Kevin Hart stopped by Jimmy Kimmel Live this past week on the heels of comedian Dave Chappelle getting attacked onstage during his performance at the Hollywood Bowl in Los Angeles, California.
The incident quickly took over headlines, with many celebrities reacting to the attack and its aftermath. Among them was hip-hop artist 50 Cent, who shared images of the attacker after he’d been beaten up by security and others coming to protect Chappelle.
Hart said he believes the Chappelle incident was something that “needed to happen.” However, he wasn’t referring to Chappelle getting attacked, but instead the handling of the attacker.
Kevin Hart explains why Hollywood Bowl incident ‘needed to happen’
A recent episode of Jimmy Kimmel Live featured comedian Mike Birbiglia filling in as the show’s guest host after it was revealed Jimmy Kimmell had tested positive for COVID-19. One of his guests was Kevin Hart, whom Birbiglia mentioned he started with on the comedy scene around the same time.
Naturally, the topic of Dave Chappelle getting attacked at the Hollywood Bowl in Los Angeles this past week came up, with Birbiglia calling the incident “scary.” However, Hart had a different take on things.
“Not scary…Somebody ran on stage and got they a** whooped,” Hart said, adding, “It’s one of those things that needed to happen, though.”
That brought a bit of playful arguing between Hart and the host, who said “No” he didn’t think it was something that needed to happen.
“What do you mean Yes?!” a surprised Birbiglia asked Hart.
“Mike, do you want people to continue to think that they can cross that line and break the barrier of entertainer and [audience member]?” Hart asked.
“Oh no, we’re on the same side of this,” the guest host agreed, saying there was some “momentary confusion” on his part with what Hart said.
“Somebody getting they a** whipped sends a message out to other people that was like, ‘You know I was thinking about doing that, but after seeing that, I don’t really wanna do that,'” Hart said.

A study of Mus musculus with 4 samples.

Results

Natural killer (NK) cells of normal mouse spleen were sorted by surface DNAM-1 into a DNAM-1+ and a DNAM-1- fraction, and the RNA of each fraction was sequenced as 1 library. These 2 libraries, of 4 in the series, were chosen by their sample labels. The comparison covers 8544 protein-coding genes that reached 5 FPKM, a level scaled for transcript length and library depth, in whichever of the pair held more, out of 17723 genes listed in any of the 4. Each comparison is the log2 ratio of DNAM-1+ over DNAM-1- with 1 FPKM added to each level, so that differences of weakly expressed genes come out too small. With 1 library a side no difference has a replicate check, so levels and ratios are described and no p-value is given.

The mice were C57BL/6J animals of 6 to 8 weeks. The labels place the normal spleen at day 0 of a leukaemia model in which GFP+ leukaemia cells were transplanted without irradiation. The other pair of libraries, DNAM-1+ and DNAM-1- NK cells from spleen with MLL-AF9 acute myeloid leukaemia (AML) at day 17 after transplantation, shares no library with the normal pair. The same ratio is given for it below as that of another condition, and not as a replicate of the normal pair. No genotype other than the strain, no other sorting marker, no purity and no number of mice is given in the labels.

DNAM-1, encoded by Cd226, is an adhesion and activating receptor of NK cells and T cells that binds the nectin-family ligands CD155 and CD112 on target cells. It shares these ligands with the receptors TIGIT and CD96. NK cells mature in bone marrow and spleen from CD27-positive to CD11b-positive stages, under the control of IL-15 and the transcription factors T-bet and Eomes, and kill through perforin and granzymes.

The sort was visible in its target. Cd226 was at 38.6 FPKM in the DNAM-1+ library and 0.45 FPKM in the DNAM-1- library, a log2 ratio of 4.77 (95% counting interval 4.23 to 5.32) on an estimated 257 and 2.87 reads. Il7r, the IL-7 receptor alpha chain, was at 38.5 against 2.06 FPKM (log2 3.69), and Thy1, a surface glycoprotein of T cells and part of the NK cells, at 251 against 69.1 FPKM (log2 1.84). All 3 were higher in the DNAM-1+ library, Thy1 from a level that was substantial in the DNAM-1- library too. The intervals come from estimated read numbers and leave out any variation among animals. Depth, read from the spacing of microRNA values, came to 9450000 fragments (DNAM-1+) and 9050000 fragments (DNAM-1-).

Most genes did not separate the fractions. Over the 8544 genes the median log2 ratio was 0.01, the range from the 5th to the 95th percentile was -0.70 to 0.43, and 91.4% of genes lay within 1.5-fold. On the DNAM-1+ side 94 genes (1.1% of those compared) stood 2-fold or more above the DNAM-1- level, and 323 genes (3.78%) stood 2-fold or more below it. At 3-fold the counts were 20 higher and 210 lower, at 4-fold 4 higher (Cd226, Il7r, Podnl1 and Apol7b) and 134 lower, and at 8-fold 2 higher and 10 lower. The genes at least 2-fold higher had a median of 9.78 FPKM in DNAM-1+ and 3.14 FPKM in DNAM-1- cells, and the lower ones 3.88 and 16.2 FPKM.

Hart went on to say, “there’s a lot of lines that have gotten blurred” these days, saying, “Sometimes you gotta take a couple steps backwards to take some steps forward.”
Hart also mentioned that the incident was overshadowing a bigger moment for Dave Chappelle, praising him for how many tickets were sold, and for Chappelle acting like a professional after the incident by moving on quickly with the show.
“Ultimately, you know these moments of [unprofessionalism], should not break professionals,” Hart said, adding, “I think it’s time to get back to a place of respect for your entertainer.”
Chappelle’s attacker taken away in an ambulance after attack
Earlier this week, the incident at Hollywood Bowl happened during comedian Dave Chappelle’s set at the Netflix is a Joke Fest. At one point, an unidentified man rushed onto the stage and tackled Chappelle. After a brief skirmish, the man ran away and hid behind a large screen on stage.
Security quickly got on stage and surrounded the attacker before subduing him. Chappelle went over to that area, possibly assisting in them subduing and restraining the man as he returned to tell the audience he “stomped” him.
Later, photos surfaced online of the attacker’s condition, showing he was handcuffed to a stretcher and wheelchair and suffered a broken arm and various bruises to his face.
It was also revealed that the man had brought a replica gun with a knife attached to it bayonet-style, which he managed to get past security and metal detectors due to the venue’s setup. The New York Post reported that security for the venue was getting beefed up following the attack.
The incident at Hollywood Bowl was the latest to feature a comedian getting attacked onstage. Many viewers saw Oscars presenter Chris Rock get slapped on stage by actor Will Smith this past March, following Rock’s joke about Will’s wife, Jada Pinkett-Smith. Will Smith remained in the venue following the incident and accepted the award for Best Actor later in the evening.
He eventually apologized to Rock and resigned from the Academy. In addition, the Academy revealed Smith had been banned from their events for 10 years due to the incident.
Following the attack at Hollywood Bowl, comedian Howie Mandel reacted to the series of onstage incidents involving Chappelle and Rock, calling it the “beginning of the end of comedy.”